The mainstream media deserves disbelief.
It chronically publishes false or misleading stories by omitting material facts necessary for reader understanding. If the mainstream media were selling stock instead of news protected by the First Amendment, the Securities and Exchange Commission would have a full docket under SEC Rule 10b-5 prosecuting cases of misinforming readers by omitting “to state a material fact necessary in order to make the statements made, in the light of the circumstances under which they were made, not misleading.”
Emblematic have been a proliferation of stories or editorials expressing alarm that President-elect Donald Trump had stated in a Nov. 22 interview with The New York Times that he would not pursue criminal investigations of Hillary Clinton’s use of a private email server while serving as Secretary of State or the funding or operations of the Clinton Foundation. It was said or insinuated that the president-elect was improperly interfering in the operations of the Department of Justice and the FBI.
Exhibiting a spirit of magnanimity, the president-elect explained to the Times:
“I don’t want to hurt the Clintons, I really don’t. She went through a lot and suffered greatly in many different ways, and I am not looking to hurt them at all. The campaign was vicious.”
In other words, Mr. Trump had decided that the Executive Branch would exercise the prosecutorial discretion conferred under Article II of the Constitution to heal rather than to convulse the nation.
On this score, Mr. Trump was following the instruction of President Obama. He refrained from investigating former President George W. Bush, former Vice President Dick Cheney, and other high level Bush administration officials for acknowledged complicity in torturing alleged al Qaeda terrorists with waterboarding to avoid political divisiveness. In a White House press conference on April 29, 2009, President Obama affirmed, “I believe that waterboarding was torture….” During his confirmation hearing as Attorney General Eric Holder testified: “Waterboarding is torture.”
The federal criminal code, 18 U.S. C. 2340A and 2441 prohibits torture or any conspiracy to torture Al Qaeda suspects detained abroad. The Convention Against Torture, which the United States ratified in 1994, requires signatory nations to “ensure that its competent authorities proceed to a prompt and impartial investigation, wherever there is reasonable ground to believe that an act of torture has been committed in any territory under its jurisdiction.”
President Obama, nevertheless, exercised prosecutorial discretion to desist from any torture investigation of the former president or vice President because “I have a belief that we need to look forward as opposed to looking backward.” He opposed a “Truth Commission” on torture proposed by Senator Pat Leahy (D-Vt.) because, “We want to look forward and not back.”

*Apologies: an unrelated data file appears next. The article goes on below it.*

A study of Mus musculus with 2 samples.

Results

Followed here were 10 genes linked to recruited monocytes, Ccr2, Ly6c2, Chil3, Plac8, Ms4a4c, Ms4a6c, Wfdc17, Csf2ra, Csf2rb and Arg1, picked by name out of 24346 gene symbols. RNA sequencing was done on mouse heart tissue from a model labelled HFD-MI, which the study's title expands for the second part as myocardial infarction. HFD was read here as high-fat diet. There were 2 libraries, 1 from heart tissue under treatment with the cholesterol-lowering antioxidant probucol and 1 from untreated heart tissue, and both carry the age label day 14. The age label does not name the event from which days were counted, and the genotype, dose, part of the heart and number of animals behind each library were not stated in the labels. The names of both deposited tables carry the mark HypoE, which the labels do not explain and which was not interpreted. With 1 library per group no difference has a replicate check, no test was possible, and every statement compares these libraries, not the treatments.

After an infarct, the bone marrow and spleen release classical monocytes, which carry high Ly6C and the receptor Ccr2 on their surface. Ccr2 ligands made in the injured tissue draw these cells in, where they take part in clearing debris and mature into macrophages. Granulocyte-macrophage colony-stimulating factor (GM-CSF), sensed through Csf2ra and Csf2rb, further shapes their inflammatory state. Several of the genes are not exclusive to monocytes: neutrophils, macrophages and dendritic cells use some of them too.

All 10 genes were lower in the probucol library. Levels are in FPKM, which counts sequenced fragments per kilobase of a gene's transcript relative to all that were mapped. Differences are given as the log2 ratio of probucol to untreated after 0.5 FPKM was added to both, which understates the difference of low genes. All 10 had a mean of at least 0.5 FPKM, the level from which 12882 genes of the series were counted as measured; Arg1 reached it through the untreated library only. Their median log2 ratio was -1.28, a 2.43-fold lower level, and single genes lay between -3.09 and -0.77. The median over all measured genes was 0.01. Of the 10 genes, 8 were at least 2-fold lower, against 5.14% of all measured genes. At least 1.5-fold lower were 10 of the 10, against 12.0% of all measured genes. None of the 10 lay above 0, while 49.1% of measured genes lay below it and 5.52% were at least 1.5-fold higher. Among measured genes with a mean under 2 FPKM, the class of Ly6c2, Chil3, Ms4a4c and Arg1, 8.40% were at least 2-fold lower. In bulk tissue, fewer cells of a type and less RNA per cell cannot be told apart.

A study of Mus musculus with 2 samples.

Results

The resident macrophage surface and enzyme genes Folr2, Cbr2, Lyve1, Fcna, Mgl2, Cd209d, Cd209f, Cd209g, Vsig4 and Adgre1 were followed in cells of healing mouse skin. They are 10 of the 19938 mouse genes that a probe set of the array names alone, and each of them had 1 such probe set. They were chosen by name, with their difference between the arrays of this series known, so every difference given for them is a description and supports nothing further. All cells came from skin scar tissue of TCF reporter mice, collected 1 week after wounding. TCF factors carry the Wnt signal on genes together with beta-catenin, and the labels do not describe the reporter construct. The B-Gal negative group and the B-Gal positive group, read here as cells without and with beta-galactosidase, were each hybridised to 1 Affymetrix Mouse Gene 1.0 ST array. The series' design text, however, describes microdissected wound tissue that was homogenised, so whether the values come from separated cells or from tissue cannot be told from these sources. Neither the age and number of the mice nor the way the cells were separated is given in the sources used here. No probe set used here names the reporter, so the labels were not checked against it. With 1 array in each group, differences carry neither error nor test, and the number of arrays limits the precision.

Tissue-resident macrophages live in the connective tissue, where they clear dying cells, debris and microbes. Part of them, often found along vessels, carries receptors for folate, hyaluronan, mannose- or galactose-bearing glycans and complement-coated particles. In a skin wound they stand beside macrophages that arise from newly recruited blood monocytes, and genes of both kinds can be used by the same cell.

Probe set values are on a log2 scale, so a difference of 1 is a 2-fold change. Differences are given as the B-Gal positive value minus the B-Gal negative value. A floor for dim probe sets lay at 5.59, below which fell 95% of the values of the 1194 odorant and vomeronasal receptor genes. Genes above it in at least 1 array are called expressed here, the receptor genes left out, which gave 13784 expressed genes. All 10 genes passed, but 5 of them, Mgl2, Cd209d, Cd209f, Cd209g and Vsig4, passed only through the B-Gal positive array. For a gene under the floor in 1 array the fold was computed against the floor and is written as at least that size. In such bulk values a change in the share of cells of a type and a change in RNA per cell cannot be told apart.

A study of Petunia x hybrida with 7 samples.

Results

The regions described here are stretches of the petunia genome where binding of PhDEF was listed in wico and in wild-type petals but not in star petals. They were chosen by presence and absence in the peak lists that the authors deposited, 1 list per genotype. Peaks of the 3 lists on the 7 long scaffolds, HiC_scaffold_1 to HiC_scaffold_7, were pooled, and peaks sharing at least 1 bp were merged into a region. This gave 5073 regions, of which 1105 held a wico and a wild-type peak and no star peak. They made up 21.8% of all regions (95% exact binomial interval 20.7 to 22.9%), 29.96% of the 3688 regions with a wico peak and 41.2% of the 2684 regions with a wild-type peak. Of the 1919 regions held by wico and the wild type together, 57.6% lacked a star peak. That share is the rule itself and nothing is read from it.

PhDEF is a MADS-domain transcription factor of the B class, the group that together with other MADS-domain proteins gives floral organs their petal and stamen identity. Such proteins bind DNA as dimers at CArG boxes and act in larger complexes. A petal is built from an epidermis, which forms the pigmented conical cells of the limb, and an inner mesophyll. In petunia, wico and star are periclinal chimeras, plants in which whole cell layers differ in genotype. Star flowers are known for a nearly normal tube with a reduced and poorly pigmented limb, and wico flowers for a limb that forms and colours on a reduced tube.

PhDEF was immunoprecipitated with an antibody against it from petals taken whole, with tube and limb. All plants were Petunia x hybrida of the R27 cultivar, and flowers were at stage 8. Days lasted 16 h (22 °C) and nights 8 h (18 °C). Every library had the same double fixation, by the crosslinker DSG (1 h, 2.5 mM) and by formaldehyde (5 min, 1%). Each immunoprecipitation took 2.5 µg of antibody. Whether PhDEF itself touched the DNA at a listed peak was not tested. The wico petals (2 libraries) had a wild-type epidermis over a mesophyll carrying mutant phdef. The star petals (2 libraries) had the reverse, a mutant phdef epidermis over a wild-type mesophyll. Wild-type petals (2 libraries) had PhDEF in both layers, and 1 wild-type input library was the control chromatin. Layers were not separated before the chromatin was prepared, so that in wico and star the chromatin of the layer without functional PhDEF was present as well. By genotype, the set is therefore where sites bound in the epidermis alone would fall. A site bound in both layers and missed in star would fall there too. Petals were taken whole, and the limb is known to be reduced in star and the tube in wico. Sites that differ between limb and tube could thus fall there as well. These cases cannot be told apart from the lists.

Thus, President-elect Trump was following in President Obama’s footsteps in deciding against a criminal investigation of Mrs. Clinton or the Clinton Foundation. Indeed, Mr. Trump’s decision was far less momentous that Mr. Obama’s because torture is a crime against mankind, whereas the suspected crimes of Clinton and the Foundation implicate far less moral turpitude.
But while President Obama escaped any mainstream media rebuke for turning a blind eye to prosecuting open and notorious torture suspects according to his own and Attorney General Holder’s understandings of the crime, President-elect Trump has been scolded for alleged constitutional or ethical waywardness. On Nov. 22, 2016, for instance, The Washington Post published a news story declaring: “If Trump decided to pursue or not pursue a criminal investigation from the Oval Office, it would be an extraordinary break with political and legal protocol, which holds that the attorney general and FBI make decisions on whether to conduct investigations and file charges, free of pressure from the president.” But the newspaper story failed to inform the reader of President Obama’s decision not to pursue torture investigations against high level Bush Administration officials, which would have discredited its alarmist narrative featuring President-elect Trump.
Ditto for its failure to report that President Gerald Ford had similarly dictated administrative, alternate service dispositions to resolve outstanding prosecutions of Vietnam Era draft evaders in Proclamation 4313 issued on Sept. 16, 1974. I was then serving as Assistant Director in the Office of Legal Planning at the Department of Justice. Not a single official in the Department believed the Proclamation represented improper Oval Office interference or violated any protocol.
If the mainstream media hopes to recover public credibility, it should begin by voluntarily adopting the equivalent of SEC Rule 10b-5 to insure reporting all of a story, not misleading fragments.